BRIDGEPORT, Calif. — The Mono Basin is rich with geothermal activity, but one hot spring that seems to be visited and photographed more than any other: Travertine Hot Springs.
The springs are located just outside the small town of Bridgeport in Mono County. It has become a popular Instagram hotspot, but few know the story behind it. The hot waters once belonged to the Paiute Native American tribe. That was after European settlers pushed the native people off their hunting grounds, their acorn groves, and their fishing holes.
Joseph Lent is a tribal historian for the Bridgeport Indian Reservation and he knows the history well.
"In the early days of creation, one of the overseers of creation, his name was Isha and Isha was the person who established the way this place is. It's always been a very sacred place to the people," Lent said.
Today this sacred spot is known as Travertine Hot Springs. It is managed by the Bureau of Land Management and often treated like a bathtub by tourists.
"Isha made this hot water on purpose. We have cold water everywhere. We even have burial grounds here," said Lent. "Today, people leave underwear laying around, they leave toilet paper in the bushes."
Travertine has gained a lot of attention from travel magazines in recent years, but this geothermal hotspot was desecrated by non-natives many years before it became a tourist attraction.
US Forest Service geologist David Risley is based in nearby Bridgeport. He said the reason we call it Travertine Hot Springs today is because of the minerals that boil out of the ground.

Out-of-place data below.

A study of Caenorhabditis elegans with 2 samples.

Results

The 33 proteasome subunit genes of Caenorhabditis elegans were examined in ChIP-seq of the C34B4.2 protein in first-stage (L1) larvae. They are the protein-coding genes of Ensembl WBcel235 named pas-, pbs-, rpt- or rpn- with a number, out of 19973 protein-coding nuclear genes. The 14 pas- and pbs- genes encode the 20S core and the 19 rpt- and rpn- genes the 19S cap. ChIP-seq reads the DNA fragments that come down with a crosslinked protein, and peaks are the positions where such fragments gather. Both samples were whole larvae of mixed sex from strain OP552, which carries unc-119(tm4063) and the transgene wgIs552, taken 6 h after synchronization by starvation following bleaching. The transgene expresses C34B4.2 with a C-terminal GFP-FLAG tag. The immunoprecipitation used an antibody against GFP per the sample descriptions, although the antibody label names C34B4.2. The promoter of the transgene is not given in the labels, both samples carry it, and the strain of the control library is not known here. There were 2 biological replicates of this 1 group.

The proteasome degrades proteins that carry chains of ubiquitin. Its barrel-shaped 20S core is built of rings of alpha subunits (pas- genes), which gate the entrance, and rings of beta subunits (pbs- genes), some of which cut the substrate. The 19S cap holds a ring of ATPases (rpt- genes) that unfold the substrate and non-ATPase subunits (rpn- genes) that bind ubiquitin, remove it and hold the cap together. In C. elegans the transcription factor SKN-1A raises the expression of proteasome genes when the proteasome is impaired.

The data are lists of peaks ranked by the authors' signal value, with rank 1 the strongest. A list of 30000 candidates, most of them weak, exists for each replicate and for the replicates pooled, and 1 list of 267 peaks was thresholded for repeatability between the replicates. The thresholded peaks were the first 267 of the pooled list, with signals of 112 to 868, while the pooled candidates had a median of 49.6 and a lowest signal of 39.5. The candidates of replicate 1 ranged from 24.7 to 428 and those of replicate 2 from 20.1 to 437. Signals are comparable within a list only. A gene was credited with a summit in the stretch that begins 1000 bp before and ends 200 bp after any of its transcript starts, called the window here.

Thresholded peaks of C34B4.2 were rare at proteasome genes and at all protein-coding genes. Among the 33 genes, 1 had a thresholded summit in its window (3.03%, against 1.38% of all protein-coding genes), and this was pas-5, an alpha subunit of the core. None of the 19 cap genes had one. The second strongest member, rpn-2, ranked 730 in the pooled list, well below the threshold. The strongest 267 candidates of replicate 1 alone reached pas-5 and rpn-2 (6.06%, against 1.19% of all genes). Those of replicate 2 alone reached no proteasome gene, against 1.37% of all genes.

"Travertine is a type of Limestone. A calcium carbonate," Risley said.
About 60 tons of Travertine was mined here in the mid-1890s and used for construction in high-end buildings. San Francisco City Hall is made with travertine from this site.
"This particular material being very rare was used on the inside facings of construction," Risley said.
Currently, there isn't mining at Travertine. The Bureau of Land Management has it set as a critical area of environmental concern, but that doesn’t protect this sacred land from people who don't see it as sacred. This land is here for everyone and it should be seen and visited by everyone, but this land, like any land, should be respected.
“This ground underneath us is a certain point of spirituality that one comes to be a part of," said Lent, the tribal historian. "No one seems to see it that way. The native people do, but we are so far removed from the picture that no one seems to care."